Mindfulness is something I came across last year as I worked at rehabilitating myself following a brain haemorrhage. I have blogged before about how mindfulness helped me reconnect my damaged brain with a damaged body. Among other things, it also helped me manage anxiety, chronic pain and self-doubt.
I think a lot of my closest friends and family were surprised I of all people embraced this idea of ‘just’ being. Previously I never had the time to sit and just be. Life was a seemingly endless cycle of child rearing, studying, working and stress with extra stress and a side order of insomnia. Running to stand still, I was always going to slow down and look after myself I just needed to do a million things first and then I really would I promised.
Well I didn’t, then my brain exploded, I nearly died and was told that unless I did look after myself, my blood pressure and my stress levels recovery would be much harder. Not being dead gave me something of a sharper focus on what was actually important to me, every cloud has a silver lining after all.
Simply put mindfulness means being present, being aware of what is happening now. One of my favourite quotes from Professor Mark Williams, co-writer of my favourite mindfulness book, sums it up neatly. “Being mindful means that we take in the present moment as it is rather than as we would like it to be.”
I do practice more formal meditation daily but try to implement mindful practice in my moment by moment living. It’s called practice because no one is perfect but trying is the main thing. I asked a members of Everyday Mindfulness, a site I am involved with that aims to help mindful practitioners connect, what mindfulness meant to them.
Gareth, who has multiple sclerosis and founded the site, discovered mindfulness at a time in his life when he really needed it.
“I started practising because I got I’ll. It caused me a massive amount of stress and anxiety. I just read somewhere that meditating was good for stress relief. I picked up ‘Wherever You Go, There You Are’ by Jon Kabat-Zinn,and the rest is history. Mindfulness has drawn me in ever since I read the word for the first time. It has been so life changing that it is akin to a religious experience for me. The more that I practised the more peaceful that I got, and I like being peaceful.”
“I practice mindfulness due to my generalized anxiety disorder. I also realized that I am constantly on auto-pilot, not paying full attention to what I am doing at the moment, thinking too far ahead, living in the past, just not living at the moment. As far as I am concerned, mindfulness has slowly brought some clarity in my thinking and definitely organizing my thoughts more. What I mean by organizing is to give certain thoughts attention and letting go of others.This is the quote that seems to remind me always to be mindful: “If you are depressed, you are living in the past. If you are anxious, you are living in the future. If you are at peace, you are living in the present.”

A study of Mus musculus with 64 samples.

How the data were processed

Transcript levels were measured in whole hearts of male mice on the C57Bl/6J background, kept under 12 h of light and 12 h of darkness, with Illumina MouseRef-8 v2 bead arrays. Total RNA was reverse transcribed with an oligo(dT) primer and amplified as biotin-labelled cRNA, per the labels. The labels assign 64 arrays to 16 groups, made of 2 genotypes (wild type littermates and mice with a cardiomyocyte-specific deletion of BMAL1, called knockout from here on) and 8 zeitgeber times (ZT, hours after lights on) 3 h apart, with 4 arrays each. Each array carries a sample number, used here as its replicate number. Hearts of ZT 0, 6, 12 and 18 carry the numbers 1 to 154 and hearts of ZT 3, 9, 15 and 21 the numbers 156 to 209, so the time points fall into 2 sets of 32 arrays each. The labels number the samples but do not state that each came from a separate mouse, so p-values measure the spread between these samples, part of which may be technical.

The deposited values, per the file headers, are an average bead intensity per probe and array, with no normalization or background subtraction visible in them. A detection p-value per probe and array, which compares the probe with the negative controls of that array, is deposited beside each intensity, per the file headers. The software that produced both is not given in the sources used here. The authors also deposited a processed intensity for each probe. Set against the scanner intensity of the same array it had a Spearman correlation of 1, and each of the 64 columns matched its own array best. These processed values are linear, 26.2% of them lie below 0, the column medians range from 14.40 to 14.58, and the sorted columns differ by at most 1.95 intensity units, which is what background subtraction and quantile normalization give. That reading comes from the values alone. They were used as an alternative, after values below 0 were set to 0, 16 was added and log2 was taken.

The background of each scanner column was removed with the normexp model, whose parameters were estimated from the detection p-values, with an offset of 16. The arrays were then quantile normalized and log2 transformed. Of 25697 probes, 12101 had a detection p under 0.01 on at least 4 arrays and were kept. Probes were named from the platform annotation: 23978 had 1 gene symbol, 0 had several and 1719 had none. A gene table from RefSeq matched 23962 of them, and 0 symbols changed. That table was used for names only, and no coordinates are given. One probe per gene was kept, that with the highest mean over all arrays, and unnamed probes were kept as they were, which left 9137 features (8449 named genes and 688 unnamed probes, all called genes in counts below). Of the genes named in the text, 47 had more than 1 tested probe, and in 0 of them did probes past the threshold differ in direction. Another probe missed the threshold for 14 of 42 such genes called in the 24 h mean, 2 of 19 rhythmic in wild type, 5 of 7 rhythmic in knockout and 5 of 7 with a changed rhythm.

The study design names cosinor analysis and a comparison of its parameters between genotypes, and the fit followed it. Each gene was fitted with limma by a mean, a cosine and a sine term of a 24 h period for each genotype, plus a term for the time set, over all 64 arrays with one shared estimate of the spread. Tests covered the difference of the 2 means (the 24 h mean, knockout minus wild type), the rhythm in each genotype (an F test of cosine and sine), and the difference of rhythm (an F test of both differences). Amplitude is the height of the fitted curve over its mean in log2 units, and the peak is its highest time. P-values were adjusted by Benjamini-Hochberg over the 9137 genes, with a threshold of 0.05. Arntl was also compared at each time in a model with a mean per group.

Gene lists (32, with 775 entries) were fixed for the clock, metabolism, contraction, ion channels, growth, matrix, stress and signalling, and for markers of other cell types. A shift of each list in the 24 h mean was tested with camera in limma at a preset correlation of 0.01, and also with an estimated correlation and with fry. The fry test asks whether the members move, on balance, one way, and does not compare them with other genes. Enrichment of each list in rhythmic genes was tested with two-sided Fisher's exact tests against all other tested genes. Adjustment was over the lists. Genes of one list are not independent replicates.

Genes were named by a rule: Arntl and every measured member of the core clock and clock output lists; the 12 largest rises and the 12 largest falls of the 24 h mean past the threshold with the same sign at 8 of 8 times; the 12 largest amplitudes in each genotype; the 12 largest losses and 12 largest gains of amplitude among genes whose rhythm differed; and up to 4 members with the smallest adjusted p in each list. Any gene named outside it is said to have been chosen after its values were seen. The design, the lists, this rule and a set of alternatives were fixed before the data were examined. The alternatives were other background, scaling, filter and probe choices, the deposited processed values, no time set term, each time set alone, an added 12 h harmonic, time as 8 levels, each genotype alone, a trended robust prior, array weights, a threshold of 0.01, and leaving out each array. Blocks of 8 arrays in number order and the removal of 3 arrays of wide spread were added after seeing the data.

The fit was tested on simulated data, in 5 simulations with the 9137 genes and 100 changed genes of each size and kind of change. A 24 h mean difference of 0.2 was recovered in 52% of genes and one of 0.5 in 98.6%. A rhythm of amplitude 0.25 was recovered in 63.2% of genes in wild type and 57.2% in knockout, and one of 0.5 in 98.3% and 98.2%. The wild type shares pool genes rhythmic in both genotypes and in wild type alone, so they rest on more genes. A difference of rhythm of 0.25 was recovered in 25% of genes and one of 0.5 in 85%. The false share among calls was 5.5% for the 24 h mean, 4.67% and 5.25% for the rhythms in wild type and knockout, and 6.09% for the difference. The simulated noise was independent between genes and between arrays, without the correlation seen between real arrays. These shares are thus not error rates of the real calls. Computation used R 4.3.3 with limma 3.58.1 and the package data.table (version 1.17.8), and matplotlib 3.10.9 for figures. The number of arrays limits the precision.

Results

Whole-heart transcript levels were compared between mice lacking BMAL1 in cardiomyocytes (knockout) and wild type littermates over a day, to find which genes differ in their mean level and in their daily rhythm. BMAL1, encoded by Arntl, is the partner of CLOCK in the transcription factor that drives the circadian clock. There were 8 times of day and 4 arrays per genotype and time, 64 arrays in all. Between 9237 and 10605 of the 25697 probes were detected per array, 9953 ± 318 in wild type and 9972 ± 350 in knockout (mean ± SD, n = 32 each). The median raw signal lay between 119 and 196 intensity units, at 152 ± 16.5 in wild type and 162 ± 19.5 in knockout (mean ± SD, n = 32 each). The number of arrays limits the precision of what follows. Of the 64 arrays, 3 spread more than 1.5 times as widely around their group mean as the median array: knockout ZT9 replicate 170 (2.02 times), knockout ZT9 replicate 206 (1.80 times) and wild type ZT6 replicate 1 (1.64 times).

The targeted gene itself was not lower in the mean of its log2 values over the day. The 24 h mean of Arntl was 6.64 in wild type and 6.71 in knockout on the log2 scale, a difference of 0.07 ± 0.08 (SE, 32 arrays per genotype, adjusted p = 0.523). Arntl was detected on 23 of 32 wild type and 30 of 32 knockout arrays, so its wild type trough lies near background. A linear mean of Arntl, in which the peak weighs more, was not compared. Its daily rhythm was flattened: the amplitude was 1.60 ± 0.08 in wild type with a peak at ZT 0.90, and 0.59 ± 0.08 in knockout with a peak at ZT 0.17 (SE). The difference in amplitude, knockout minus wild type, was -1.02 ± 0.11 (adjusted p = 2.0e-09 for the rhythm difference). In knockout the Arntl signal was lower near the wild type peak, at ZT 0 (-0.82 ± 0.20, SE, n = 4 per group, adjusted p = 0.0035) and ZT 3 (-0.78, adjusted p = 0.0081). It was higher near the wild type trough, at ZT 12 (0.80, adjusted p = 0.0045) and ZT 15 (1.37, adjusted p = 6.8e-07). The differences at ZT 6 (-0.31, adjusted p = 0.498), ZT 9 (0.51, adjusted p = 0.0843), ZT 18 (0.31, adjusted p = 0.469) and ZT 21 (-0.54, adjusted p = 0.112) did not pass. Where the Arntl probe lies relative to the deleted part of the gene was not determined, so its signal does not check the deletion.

“I’ve practiced various martial arts and meditations since I was 6 years old, and the number 1 thing I have found is that, whatever it is you are practicing, it must integrate fully with your existing life; neither taking over your life nor being squashed out by it.
Ritualistic training, where you ‘set the scene’ with music, candles/incense, and “change” yourself to someone else for the duration of the training: this cannot work! From 10 until 12 you train, and after that, you’re the other guy… Out of a 24 hour day, you’re doing 2 hours of training, and 22 hours of anti-training.
My goal is to bring meditation out of the studios, where it is like bird with its wings clipped, and put it to work ‘on the ground level’ – I want to show people HOW to take their peaceful sitting and apply that throughout their lives.”
Personally sometimes I find setting the scene for formal meditation practice helps me focus more but equally I find myself practicing when sat on the bus or walking back from the girls school. The great thing is you get to find your own way and what works for you. Meditation is often linked to Buddhism but mindfulness is not linked to religious practice.
One Aware lives in Canada and was able to take part in a 10 week MBCBT (mindfulness based cognitive behavioral therapy) course as part of their treatment for reoccurring bouts of generalised anxiety and depression.
“That was a little over 4 years ago. I have continued my practice daily ever since completing the program. For the first 3 years I had the recurring bouts of anxiety and depression even though I meditated and even though I was on meds. It seems I couldn’t get through 1 full year without at least one recurrence (sometimes more than one). I even stopped meditating for several weeks a couple of times, but just as we return to the breath after the mind has wandered, I started to meditate again after each time I stopped.In the fourth year I started to notice positive changes in how I felt, how I looked at the world and how I moved through the world. I still take my meds but I am now well over a year since my last recurrence of anxiety and depression and I feel wonderful. I still meditate daily to this day and plan to keep meditating for the rest of my life. The meditation has taught me a better existence and I continue to learn every day.”
“I needed a release from everything! I used to be really angry, irrational and have bad anxiety but wanted a way out. I was always jealous of that other guy that could just not let things get to him…so I found the way to BE him.”